Apple’s App Store is a US$28 billion business – of which Apple itself pocketed a tidy US$8.4 billion in 2016. With 2.2 million apps, it’s an empire that Tim Cook’s company protects with all its firepower.
But it’s now under threat more than ever.
The latest and boldest challenge comes from China. WeChat, the nation’s top messaging app with over 840 million active users, this week rolled out a system that allows people on its social network to access apps that don’t need to be downloaded or installed.
These instant apps, produced by an array of small startups and major companies including McDonalds and Apple-backed Didi Chuxing, bypass Apple’s App Store entirely. Accessible only within WeChat, they look and feel like apps, but they can be discarded as easily and quickly as a chat. If you want, you can keep the service within WeChat and even log in to it.
There are no app updates, no icons clogging your homescreen.
This could be the future of apps. And that’s not something Tim Cook wants to hear.
WeChat, run by Tencent, China’s US$240 billion social media giant, isn’t the only one trying to topple Apple’s statue.
Back in November, Facebook wheeled out Instant Games, which work on the social network and the Messenger app. “This new games experience allows people to easily discover, share, and play games without having to install new apps,” explained Mark Zuckerberg’s company.
Launching with a handful of casual titles, including Words With Friends, Facebook’s games for Messenger show how Apple’s App Store profits, so dependent on games, could be eroded very quickly.
Facebook is behind another big threat to Apple: chatbots.
When Zuckerberg last year talked about his ambitions for bots on the social network, he requested a bouquet of flowers by sending a message to 1-800-Flowers.
“I’ve never met anyone who likes calling a business, and no one wants to have to install a new app for every service or business that they want to interact with,” said Zuckerberg, putting forward a great use case for chatbots. That’s also the philosophy behind WeChat’s instant apps, which might also be bot-powered services.
These bots, already finding their way into Facebook Messenger and a few other chat apps, could replace apps once the AI, which reacts smartly to your voice or text, is ready for primetime.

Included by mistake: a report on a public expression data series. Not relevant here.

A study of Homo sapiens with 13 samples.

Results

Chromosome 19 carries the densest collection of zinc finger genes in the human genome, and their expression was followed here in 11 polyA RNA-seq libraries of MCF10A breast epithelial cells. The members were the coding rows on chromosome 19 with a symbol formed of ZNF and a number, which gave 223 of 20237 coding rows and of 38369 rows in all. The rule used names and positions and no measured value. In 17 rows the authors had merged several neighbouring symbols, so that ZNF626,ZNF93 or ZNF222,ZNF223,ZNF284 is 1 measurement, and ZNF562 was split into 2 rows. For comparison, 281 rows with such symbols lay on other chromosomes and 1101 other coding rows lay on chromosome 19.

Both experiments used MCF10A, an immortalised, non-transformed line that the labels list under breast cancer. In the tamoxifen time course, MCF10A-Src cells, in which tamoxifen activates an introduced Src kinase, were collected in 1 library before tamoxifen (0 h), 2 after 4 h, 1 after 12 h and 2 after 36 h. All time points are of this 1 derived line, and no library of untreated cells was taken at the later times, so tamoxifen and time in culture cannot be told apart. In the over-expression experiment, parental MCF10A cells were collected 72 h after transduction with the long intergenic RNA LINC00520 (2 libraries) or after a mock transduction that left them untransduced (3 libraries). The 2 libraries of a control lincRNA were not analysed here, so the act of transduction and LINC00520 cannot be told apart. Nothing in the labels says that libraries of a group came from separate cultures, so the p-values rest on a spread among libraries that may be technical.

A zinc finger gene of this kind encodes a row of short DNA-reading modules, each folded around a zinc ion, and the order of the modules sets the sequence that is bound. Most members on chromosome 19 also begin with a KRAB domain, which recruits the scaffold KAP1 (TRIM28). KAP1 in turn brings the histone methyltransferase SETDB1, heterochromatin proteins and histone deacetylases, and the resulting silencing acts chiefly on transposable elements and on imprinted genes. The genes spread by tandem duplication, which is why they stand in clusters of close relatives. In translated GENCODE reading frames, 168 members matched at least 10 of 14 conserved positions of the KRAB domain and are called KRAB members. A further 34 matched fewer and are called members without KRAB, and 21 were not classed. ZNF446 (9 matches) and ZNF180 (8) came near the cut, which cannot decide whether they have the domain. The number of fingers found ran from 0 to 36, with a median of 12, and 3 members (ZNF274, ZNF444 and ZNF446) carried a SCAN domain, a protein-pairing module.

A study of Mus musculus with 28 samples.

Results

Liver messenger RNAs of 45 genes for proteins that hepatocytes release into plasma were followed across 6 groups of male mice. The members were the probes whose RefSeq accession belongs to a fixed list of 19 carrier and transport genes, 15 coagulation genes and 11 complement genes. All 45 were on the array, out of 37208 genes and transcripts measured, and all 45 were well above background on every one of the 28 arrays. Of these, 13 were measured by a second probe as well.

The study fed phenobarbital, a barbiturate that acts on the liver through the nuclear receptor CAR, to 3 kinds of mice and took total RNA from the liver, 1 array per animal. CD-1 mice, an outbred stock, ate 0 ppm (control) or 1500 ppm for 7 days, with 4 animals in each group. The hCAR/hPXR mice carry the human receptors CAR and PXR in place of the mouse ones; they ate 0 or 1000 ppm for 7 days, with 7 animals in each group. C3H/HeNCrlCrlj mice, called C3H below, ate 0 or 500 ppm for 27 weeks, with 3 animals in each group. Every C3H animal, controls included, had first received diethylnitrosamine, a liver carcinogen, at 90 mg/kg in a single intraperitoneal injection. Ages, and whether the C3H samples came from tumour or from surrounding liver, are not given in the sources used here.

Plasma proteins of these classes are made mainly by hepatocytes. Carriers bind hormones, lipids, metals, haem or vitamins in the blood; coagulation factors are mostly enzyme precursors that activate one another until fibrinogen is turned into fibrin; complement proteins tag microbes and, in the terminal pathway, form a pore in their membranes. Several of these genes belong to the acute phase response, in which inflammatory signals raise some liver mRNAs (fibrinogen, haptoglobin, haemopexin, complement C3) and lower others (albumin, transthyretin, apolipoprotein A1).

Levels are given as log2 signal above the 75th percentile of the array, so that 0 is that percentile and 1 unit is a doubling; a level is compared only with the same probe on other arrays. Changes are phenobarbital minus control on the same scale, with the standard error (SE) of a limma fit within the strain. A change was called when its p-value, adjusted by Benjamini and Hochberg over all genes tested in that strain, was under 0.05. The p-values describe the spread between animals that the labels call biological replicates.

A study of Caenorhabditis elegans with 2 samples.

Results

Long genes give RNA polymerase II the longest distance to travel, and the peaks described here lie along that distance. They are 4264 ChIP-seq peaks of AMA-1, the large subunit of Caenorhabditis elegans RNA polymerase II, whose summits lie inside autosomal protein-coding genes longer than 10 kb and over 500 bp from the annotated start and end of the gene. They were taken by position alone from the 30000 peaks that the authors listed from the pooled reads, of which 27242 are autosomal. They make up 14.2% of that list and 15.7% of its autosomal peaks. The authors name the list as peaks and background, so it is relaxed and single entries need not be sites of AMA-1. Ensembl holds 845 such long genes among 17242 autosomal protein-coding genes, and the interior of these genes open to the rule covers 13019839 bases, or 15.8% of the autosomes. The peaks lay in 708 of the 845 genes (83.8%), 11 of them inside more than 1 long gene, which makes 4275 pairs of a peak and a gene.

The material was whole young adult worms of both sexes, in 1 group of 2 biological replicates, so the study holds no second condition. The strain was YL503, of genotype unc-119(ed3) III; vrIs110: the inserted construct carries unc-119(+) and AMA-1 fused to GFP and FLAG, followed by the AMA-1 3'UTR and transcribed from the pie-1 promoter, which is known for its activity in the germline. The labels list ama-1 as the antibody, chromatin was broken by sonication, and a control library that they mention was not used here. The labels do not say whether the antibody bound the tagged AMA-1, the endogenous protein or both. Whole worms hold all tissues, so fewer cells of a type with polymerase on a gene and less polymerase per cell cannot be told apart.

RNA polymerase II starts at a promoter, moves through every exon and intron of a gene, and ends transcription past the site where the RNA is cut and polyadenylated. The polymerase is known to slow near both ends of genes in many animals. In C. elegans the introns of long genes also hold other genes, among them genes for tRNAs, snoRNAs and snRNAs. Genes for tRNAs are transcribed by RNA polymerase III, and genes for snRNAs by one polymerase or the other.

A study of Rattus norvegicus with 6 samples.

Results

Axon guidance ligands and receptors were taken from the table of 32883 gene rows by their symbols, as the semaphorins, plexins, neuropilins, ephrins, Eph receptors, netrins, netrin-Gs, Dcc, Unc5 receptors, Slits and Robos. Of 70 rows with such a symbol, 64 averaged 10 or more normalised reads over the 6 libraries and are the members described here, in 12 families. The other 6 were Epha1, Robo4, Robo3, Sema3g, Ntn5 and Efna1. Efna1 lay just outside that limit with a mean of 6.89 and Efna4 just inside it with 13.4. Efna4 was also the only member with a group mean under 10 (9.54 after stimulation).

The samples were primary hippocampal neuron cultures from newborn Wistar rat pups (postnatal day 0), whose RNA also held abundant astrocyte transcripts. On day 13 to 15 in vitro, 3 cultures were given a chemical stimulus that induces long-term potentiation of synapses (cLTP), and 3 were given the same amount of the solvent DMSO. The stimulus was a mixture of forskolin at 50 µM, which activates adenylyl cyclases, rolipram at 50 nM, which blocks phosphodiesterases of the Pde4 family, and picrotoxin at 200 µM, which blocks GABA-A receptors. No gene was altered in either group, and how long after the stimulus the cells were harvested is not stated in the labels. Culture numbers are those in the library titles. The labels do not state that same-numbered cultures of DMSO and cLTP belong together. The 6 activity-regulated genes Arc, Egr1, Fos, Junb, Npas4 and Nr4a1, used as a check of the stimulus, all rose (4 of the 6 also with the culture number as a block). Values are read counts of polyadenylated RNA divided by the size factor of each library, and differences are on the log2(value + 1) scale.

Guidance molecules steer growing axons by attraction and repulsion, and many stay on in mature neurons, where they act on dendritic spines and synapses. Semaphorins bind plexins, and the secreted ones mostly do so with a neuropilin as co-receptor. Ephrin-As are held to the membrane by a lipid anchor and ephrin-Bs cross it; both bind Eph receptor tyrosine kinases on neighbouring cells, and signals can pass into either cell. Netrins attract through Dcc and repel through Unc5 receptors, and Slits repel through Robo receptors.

Once that happens, Facebook Messenger and WeChat, with almost two billion users between them, become like operating systems. That entails presiding over the instant apps and games accessible within – and perhaps also taking a chunk of the revenue made by developers.
Google is not immune, either. Although its own app store, Play, is easily replaceable by any other independent store, its broader business interests are endangered by the evolution of messaging apps as pushed forward by Facebook and Tencent.
The search engine giant showed off its own Android instant apps last year, but that function has yet to launch.
It’s not just Apple’s App Store money that is at stake. The apps that go into iPhone and iPads are themselves selling points for those gadgets, with Apple attracting more exclusives – likeSuper Mario Run – and fresh-outta-nowhere viral hits like Prisma than Google manages for Android.
If Facebook and WeChat gain so much power, which brand of phone you use comes closer to being irrelevant.
Until the Rubicon is crossed, Apple is eyeing WeChat and Facebook with suspicion.
When WeChat was working on its apps-that-aren’t-apps feature, Apple banned the Chinese firm from naming the function anything that involves the word “app,” according to Tencent CEO Ma Huateng. So it had to call them Mini Programs. Which is just splitting hairs, really.
But Tim Cook cannot resist change forever. He will know that internet-based services will not be confined to apps for eternity – it’s just a case of what shape they take next.
This article originally appeared on Tech in Asia.